Victor Moses always had talent, but his transformation to table-topping wing-back will have caught a few former team-mates by surprise. Moses scored the winning goal as Chelsea defeated Tottenham, once again, at Stamford Bridge on Saturday. This was his seventh successive Premier League match and he was finally able to state afterwards: "I feel like I have found a home here. It's my club.”
Moses joined Chelsea in August 2012, for £9m from Wigan, and under Roberto Di Matteo and Rafael Benitez actually played 43 matches that season, including more than 25 starts. This was despite disappearing mid-season to win the African Cup of Nations with Nigeria.
Then Jose Mourinho returned and, as is his wont, quickly decided Moses was not his kind of player. The winger was swiftly banished on loan, to Liverpool, then Stoke, then West Ham. He had a season at each, but never seemed to settle. This pre-season, however, new manager Antonio Conte saw enough to retain Moses at Stamford Bridge. He gave him a series of substitute outings in the league, and starts in the EFL Cup. Then came Conte’s reshaping of Chelsea to 3-4-3 and Moses’ unexpected deployment at right wing-back. As an attacking counterpoint to the more defensively-minded Marcos Alonso on the other flank, Moses has been reborn.
Conte must have rare perception, for few other managers would have trusted Moses in a position with such defensive responsibilities. Seven years ago I was privileged to spend an evening on the Crystal Palace bench during a Football League Cup tie against Manchester City. Victor Moses was then a young player of potential, a few months shy of his 19th birthday. He had tricks, he had pace, he had desire; but time and again, as he either lost possession or was out of position, the old lags on the subs’ bench beside me would shake their heads.
Moses, however, is a determined man who has forged a career at the highest level despite a traumatising childhood in which both parents were murdered in a religious riot in Nigeria. Smuggled to England as an 11-year-old asylum seeker his football ability was the making of him, earning him a scholarship to a prestigious public school and a contract with Palace. He has been prepared to learn, graft, and wait his chance
Chelsea vs Tottenham player ratings
Chelsea vs Tottenham player ratings
1/22 Thibaut Courtois - 6 out of 10
Barely had anything to do all game, nothing he could do about Tottenham’s goal.
2/22 Cesar Azpilicueta - 6 out of 10
In the end had a fairly quiet game as Tottenham faded and wasn’t overly tested.
3/22 David Luiz - 6 out of 10
Made a mistake in the build up to Spurs’ goal, but got better as the game went on.
4/22 Gary Cahill - 6 out of 10
Ultimately had a fairly easy ride as Tottenham failed to really test Chelsea despite their good first half.
5/22 Victor Moses - 8 out of 10
Subbed with 10 minutes to go, was at the heart of Chelsea’s revival, his great season continues. Took his goal well.
6/22 Marcos Alonso - 6 out of 10
The quieter of Chelsea’s wing backs, but was more influential after Chelsea’s disastrous start to the game.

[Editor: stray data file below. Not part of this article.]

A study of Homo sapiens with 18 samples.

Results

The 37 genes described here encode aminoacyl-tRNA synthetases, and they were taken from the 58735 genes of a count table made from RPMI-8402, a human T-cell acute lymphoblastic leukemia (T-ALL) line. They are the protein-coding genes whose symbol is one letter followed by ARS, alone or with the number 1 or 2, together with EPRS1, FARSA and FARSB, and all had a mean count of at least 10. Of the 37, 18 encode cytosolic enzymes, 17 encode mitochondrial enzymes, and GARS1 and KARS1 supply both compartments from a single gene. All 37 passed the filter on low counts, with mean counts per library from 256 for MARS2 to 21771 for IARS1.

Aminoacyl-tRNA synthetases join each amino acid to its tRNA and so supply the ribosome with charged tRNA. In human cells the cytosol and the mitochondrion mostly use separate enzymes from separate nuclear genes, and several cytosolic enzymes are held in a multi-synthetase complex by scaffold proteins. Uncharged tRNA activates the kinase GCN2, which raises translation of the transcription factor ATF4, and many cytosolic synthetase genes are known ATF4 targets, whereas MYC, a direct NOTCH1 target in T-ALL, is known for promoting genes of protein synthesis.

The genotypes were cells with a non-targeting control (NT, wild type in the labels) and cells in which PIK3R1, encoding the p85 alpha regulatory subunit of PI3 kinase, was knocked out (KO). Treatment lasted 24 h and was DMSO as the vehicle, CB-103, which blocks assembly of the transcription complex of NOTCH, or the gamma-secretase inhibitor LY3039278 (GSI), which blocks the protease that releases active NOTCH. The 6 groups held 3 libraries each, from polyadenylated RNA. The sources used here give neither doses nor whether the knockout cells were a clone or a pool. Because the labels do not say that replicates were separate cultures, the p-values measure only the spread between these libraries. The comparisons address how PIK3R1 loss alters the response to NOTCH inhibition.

7/22 N'Golo Kante - 7 out of 10
Outplayed in the first half but his influence grew as Chelsea seized control of proceedings as the game wore on.
8/22 Nemanja Matic - 7 out of 10
Played in Pedro with a great assist for the first goal and had more and more influence as the game went on.
9/22 Pedro - 7 out of 10
Took his equalising goal brilliantly and was a constant menace to the Spurs defence helped lead Chelsea’s revival.
10/22 Eden Hazard - 7 out of 10
Subbed with quarter of an hour to play, not at his influential best particularly in the first half, but improved as game went on.
11/22 Diego Costa - 7 out of 10
Didn’t score but provided a great assist for Moses’ goal, running threateningly at the Tottenham defence.
12/22 Hugo Lloris - 6 out of 10
Hardly tested and couldn’t do much about either goal, but still conceded two.
13/22 Kyle Walker - 6 out of 10
Pacy as ever, but didn’t influence things as much as his manager would have liked.
14/22 Kevin Wimmer - 5 out of 10
Playing out of position and quite often looked a bit exposed.
15/22 Eric Dier - 6 out of 10
Like many of his teammates started well but faded as the game wore on.
16/22 Jan Vertonghen - 6 out of 10
Stifled Chelsea for most of the first half, but ultimately unable to prevent the Blues’ revival.
17/22 Victor Wanyama - 6 out of 10
Outplayed his more celebrated opposite numbers in the first half, but ultimately was powerless to prevent Chelsea coming back into the game.
18/22 Mousa Dembele - 6 out of 10
Good first half, but increasingly anonymous as the game wore on.
19/22 Christian Eriksen - 6 out of 10
Great strike to give Tottenham the lead, but otherwise didn’t influence things much.
20/22 Dele Alli - 6 out of 10
A quiet game overall and never really threatened the Chelsea defence other than the occasional flash.
21/22 Heung Min-Son - 6 out of 10
Subbed with half an hour to go. Fairly quiet game, didn’t manage to have much influence. Spurs really miss Eric Lamela.
22/22 Harry Kane - 6 out of 10
Well marshalled by the Chelsea defence, had a goal correctly ruled out for offside.
Now it has come. There have been some unexpected diversions on the journey, but Moses at last has the opportunity to show his talent. “I'm pleased the manager has given me a chance to express myself,” he said.
He is, though, still learning the role and can expect the better opponents to examine that education. On Saturday Moses was aided by the suspension that ruled out Danny Rose, whose attacking forays from left-back may have tested his defensive abilities. With space to attack he was instrumental as Chelsea rallied to win after a chastening first 40 minutes in which Spurs were manifestly superior. Next Saturday another test awaits against a Manchester City team with pace and penetration on the flanks. Moses, though, will not shirk the challenge.